On a weekend when Sir Alex Ferguson and Frank Lampard have grabbed the headlines for obvious reasons, the achievements of Rafa Benitez at Chelsea have slipped under the radar once more.
It may pain Chelsea fans to admit it, but the Spaniard has helped mastermind a successful season for the Blues that has seen them not only qualify for the Champions League next season, but they will also compete in the Europa League final on Wednesday.
It hasn't been plain sailing by any stretch, yet Benitez deserves credit for transforming Chelsea's season from one destined for failure, to a year of even more success on the King's Road.
On the back of everything the club achieved last season like winning the Champions League against Bayern Munich in such dramatic circumstances, 2012/13 by contrast has been a considerable reality check.
Benitez arrived at Stamford Bridge in November with the club in turmoil. The Blues were not so much on their knees, but with Roberto di Matteo fired and elimination from Europe's premier club cup competition all but a formality, they were veering incredibly off course.
Call it a sign of how bad things were or simply a coach learning the function of his team. It has taken time and effort, but Benitez has steered the Blues back to where they were hoping to be—competing for silverware and returning to the Champions League.
The journey en route has been an unpleasant one, sure. There have been venomous protests from supporters angered with his appointment, shocking home defeats to the Premier League's bottom club QPR and even rants in the media about his treatment from the club and its fans.
It's all been worth it, though.
Chelsea defeated Aston Villa 2-1 at Villa Park on Saturday to all but secure a top-four finish in the Premier League. They've reached the semifinals of the FA Cup and Capital One Cup this season and come Wednesday, could become the first club in English football to complete a rare European grand slam by lifting the Europa League (adding to their Champions League, Cup Winners' Cup and Super Cup successes).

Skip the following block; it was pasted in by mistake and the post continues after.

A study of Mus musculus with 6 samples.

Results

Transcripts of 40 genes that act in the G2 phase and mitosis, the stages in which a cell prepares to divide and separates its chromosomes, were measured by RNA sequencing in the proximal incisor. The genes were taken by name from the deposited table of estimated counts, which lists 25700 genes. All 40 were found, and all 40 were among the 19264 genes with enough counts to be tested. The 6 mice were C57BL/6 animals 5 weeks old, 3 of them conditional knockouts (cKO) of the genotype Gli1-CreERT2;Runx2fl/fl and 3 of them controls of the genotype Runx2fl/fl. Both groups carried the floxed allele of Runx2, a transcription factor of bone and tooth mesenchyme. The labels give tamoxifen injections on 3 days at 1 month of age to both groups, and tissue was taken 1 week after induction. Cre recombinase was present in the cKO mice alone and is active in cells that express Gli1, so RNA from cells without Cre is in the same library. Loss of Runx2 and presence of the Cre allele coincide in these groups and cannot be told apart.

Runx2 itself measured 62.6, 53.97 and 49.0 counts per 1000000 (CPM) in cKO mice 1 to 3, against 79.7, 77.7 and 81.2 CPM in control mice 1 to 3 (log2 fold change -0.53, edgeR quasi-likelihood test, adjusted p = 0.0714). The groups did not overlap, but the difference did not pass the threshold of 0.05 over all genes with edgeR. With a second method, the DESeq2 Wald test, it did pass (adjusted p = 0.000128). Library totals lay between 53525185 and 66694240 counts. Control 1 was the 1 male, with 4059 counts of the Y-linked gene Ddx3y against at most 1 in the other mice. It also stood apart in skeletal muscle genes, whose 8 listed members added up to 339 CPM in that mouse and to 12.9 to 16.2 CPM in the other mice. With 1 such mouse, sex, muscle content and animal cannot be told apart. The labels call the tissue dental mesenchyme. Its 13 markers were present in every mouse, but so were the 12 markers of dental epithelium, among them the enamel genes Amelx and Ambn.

Rewind back to the morning of Nov. 21 when news first broke of Di Matteo's departure and most Chelsea fans would have taken that. In fact, with the club's rebuilding process in full swing last summer, the majority would have probably accepted that fate in August when the season kicked off.
Benitez has delivered on what he was brought to the club to achieve.
Opinions as to the virtues of his character and history with rivals Liverpool firmly to one side, Chelsea fans are not in a position to complain.
After 12 league matches under Di Matteo this term, the Blues picked up an average of two points per game. Benitez has been in charge for double that time, taking 48 points from his 25 Premier League matches (1.92 per game). He's taken a fraction less than his predecessor, yet given all that has passed, it's remarkable the Spaniard has got this far.
In his post-match interview with BBC Sport following the Villa win, Benitez was asked if he could in fact be Chelsea manager next season based on what he's achieved in the past six months.
"What do you think?" he laughed. "I don't think so."
If rumors of Jose Mourinho's return to West London this summer become nothing more than that, Chelsea could do a lot worse than drop the interim from Benitez's job title.